I really liked your graphic on Earwen for Legendarium Ladies April on Tumblr, and it made me re-read your bio of her.
It's very interesting. Apparently, in different ways, she is the one who made her children want to go to Middle-earth and Anaire want to stay in Aman, if you take both of these on board. Not necessarily a contradiction, but worth thinking about.
Apart from her reactions to the Kinslaying of Alqualonde, which are a more obvious unresolved question, of course!
I do believe that! The dreams we instill in our children often cause them to pursue paths we would prefer them not to take.
Thanks for the comment!
Yet another great biography, oshun! Cconsidering the scarceness of material on most of the female characters in the Silmarillion you have managed to present us with a good analysis about Earwen's role in the history of the Eldar. It is frustrating that she appears mostly as Galadriel's or Finrod's mother, or Olwe's daughter, or Finarfin's wife and does not stand out as herself, given the influence that, as you say, she must have held before and after the Darkening. Shame, really... Truly enjoyable!
EDIT - Deleted review and reposted it because for some reason it got filed under Angrod (?). Hope it works this time.
As usual, you have gleaned tidbits of information on what is ostensibly a minor character from the legendarium and illustrated that perhaps Earwen is not so minor after all. Your examples highlight how a single sentence (Earwen's yearning for distant lands) on JRRT's part hints at much greater things behind the character.
One could argue that Tolkien does not necessarily view the women in his world as subservient to the men in strict sense that this is observed in the history of our primary world, but simply unworthy of detailed note in most cases.
In my opinion, that's a very compelling argument: many women in his legendarium may not subservient, and in fact might have exhibited strong leadership qualities in their own way...but they are just not worthy of note. To paraphrase Dwimodene, these women are textual ghosts.
Nicely done, Oshun, and I'll take this opportunity to recommend Dawn's The Work of Small Hands, an excellent treatment of Earwen as well as the ramifications of literal darkness on human beings and their culture.
I hadn't read The Work of Small Hands in a couple of years at least and It certainly impressed me anew yesterday. The theme of darkness is marvelous, the descriptions are so intense throughout. I thought of the glory of Noldorin creativity and then darkness falling over the land, much like periods of expansion of knowledge in human history forllowed by the breakdown in communication of the dark Middle Ages, which is then followed by the re-birth of light of knowledge and discovery of the Renaissance. Of course, that is probably turning Tolkien's world on its head. But tremendous imagery in Dawn's novella in any case--first the dark, then the departure and the need to re-build, with the underlying theme of the smaller hands operating out of the spot light throughout the entire story.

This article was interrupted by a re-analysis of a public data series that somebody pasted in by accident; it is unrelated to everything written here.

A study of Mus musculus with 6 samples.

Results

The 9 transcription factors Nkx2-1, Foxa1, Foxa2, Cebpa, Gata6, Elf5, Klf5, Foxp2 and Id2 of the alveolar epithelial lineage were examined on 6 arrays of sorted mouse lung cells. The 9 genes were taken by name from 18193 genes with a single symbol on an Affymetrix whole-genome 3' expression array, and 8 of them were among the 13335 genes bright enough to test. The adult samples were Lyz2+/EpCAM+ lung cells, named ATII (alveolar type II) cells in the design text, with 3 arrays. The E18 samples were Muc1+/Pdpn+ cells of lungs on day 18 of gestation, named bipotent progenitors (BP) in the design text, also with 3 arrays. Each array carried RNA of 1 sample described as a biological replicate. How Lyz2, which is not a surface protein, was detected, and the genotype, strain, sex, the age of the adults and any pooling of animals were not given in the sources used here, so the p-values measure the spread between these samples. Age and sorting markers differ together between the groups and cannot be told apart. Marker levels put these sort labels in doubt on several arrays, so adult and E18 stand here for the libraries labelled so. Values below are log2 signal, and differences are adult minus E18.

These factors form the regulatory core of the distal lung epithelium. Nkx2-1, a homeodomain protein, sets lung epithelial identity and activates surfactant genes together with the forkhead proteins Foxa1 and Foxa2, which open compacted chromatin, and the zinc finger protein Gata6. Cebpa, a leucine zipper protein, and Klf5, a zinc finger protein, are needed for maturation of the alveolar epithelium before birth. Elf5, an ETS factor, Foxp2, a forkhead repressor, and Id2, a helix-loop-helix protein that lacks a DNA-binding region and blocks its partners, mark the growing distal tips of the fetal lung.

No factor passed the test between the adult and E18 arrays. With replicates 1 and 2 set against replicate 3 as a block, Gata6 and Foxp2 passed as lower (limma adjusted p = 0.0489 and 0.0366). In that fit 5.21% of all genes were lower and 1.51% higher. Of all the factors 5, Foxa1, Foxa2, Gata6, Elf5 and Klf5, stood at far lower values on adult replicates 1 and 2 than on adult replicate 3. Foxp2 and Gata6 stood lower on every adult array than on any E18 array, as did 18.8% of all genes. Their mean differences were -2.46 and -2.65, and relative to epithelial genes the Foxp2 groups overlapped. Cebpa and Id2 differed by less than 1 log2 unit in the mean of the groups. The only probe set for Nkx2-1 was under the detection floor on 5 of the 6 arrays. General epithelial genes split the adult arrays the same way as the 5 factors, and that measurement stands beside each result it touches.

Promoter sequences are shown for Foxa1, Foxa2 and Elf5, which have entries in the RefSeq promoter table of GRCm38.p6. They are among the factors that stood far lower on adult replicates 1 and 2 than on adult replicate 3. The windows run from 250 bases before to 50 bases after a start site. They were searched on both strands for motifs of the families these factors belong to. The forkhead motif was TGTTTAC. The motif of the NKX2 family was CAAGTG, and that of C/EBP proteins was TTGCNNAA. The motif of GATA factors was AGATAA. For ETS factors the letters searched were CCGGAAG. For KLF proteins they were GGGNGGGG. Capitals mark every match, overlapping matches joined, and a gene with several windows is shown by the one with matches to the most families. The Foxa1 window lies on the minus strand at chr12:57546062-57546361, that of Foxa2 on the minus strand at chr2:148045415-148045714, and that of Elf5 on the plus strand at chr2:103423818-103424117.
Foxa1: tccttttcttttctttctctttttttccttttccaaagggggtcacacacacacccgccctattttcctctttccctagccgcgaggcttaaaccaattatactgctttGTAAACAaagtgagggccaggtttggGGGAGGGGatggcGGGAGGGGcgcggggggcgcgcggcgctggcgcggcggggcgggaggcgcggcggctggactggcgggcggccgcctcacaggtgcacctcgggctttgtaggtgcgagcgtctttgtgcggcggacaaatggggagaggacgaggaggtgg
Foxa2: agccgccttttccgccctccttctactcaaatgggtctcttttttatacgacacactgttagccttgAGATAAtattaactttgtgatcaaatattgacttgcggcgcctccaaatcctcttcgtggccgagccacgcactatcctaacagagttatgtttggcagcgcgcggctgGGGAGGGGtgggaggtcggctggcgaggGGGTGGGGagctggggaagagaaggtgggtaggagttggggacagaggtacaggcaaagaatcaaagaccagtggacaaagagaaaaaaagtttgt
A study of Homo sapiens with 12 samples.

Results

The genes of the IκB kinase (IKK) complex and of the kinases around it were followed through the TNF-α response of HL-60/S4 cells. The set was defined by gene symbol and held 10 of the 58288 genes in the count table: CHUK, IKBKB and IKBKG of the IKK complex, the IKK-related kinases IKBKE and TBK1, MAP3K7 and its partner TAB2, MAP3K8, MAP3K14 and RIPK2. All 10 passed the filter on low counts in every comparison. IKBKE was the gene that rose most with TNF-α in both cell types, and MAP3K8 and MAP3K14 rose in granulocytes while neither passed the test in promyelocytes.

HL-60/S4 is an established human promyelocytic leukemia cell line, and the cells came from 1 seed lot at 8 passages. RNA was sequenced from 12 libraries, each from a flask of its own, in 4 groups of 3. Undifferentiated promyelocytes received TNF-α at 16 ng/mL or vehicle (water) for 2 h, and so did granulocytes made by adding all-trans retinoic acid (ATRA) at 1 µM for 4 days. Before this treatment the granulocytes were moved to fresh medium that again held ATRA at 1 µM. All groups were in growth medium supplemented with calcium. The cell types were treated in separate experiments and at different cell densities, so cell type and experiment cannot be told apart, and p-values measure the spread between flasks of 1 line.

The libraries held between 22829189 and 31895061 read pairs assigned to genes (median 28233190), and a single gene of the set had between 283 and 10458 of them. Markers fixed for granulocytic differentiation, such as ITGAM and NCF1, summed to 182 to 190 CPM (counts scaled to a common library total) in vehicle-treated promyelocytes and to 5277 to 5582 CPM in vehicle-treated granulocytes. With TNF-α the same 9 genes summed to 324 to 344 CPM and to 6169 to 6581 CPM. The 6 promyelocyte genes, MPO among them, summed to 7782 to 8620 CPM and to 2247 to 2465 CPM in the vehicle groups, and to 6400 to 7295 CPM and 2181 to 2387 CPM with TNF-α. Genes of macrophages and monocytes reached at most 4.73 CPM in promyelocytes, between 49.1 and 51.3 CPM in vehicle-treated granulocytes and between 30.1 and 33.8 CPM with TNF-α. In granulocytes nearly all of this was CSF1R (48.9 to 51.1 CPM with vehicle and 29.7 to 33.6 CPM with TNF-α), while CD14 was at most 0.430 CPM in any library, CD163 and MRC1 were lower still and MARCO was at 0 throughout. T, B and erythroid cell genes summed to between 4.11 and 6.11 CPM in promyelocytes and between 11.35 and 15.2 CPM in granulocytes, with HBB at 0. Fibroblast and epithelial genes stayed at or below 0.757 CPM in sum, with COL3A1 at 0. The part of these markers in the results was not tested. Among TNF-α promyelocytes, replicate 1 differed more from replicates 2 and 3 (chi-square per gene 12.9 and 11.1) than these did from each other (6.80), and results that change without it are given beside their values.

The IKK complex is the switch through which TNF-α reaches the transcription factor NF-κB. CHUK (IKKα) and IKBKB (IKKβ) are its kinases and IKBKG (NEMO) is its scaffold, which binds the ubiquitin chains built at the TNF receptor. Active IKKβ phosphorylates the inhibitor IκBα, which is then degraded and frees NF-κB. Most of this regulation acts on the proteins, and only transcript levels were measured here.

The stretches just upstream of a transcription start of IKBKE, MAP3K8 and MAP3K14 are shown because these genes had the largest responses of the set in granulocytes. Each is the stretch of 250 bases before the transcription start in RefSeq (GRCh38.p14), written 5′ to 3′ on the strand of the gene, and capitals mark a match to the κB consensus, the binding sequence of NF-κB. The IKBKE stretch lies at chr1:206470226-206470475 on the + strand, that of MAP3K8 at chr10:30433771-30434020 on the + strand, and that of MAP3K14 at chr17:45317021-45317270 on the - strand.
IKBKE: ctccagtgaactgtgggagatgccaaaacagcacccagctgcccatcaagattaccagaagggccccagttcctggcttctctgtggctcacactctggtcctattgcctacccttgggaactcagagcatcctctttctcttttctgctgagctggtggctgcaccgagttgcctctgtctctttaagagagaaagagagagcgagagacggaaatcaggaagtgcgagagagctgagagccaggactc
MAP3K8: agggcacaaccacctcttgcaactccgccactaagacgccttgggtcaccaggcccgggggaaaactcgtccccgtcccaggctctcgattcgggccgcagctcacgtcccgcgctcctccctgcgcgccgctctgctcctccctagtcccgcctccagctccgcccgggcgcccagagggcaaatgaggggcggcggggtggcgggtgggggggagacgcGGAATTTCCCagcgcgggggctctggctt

You've done a lot here with little information. I love all your speculations as to Eärwen's character and influence through her progeny in the great events of Middle-earth history. I particularly like the thought that she must have been a strong character to produce a daughter like Galadriel. Thanks for illuminating another of Tolkien's women, who do seem mostly relegated to the role of procreators. I think you've thrown out the glove here for someone to write Eärwen's story. What about you doing it?
Thanks so much!!
Or you could write Earwen's story! I'm laughing because I was telling Dawn earlier the writers I would like to see write it. Sorry I missed you. I'd like that. I want it big and funny and tragic all rolled into one huge story. Dawn wrote the tip of the iceberg in her excellent novella The Work of Small Hands http://www.silmarillionwritersguild.org/archive/home/viewstory.php?sid=303 (set after Finarfin drags his butt back to Tirion, tale between his legs, after the rest go off to M-e and she tries to put him back together again). It is a fabulous story of the darkening of Valinor and the women left to deal with a situation they had never imagined in their worst nightmares. Very strong story! But I want the epic version--the whole series of novels, I suppose: the childhood in Alqualonde, the love story, child bearing (she did enough of that!!), the reaction to her husband and kids taking off in the first place, etc., etc.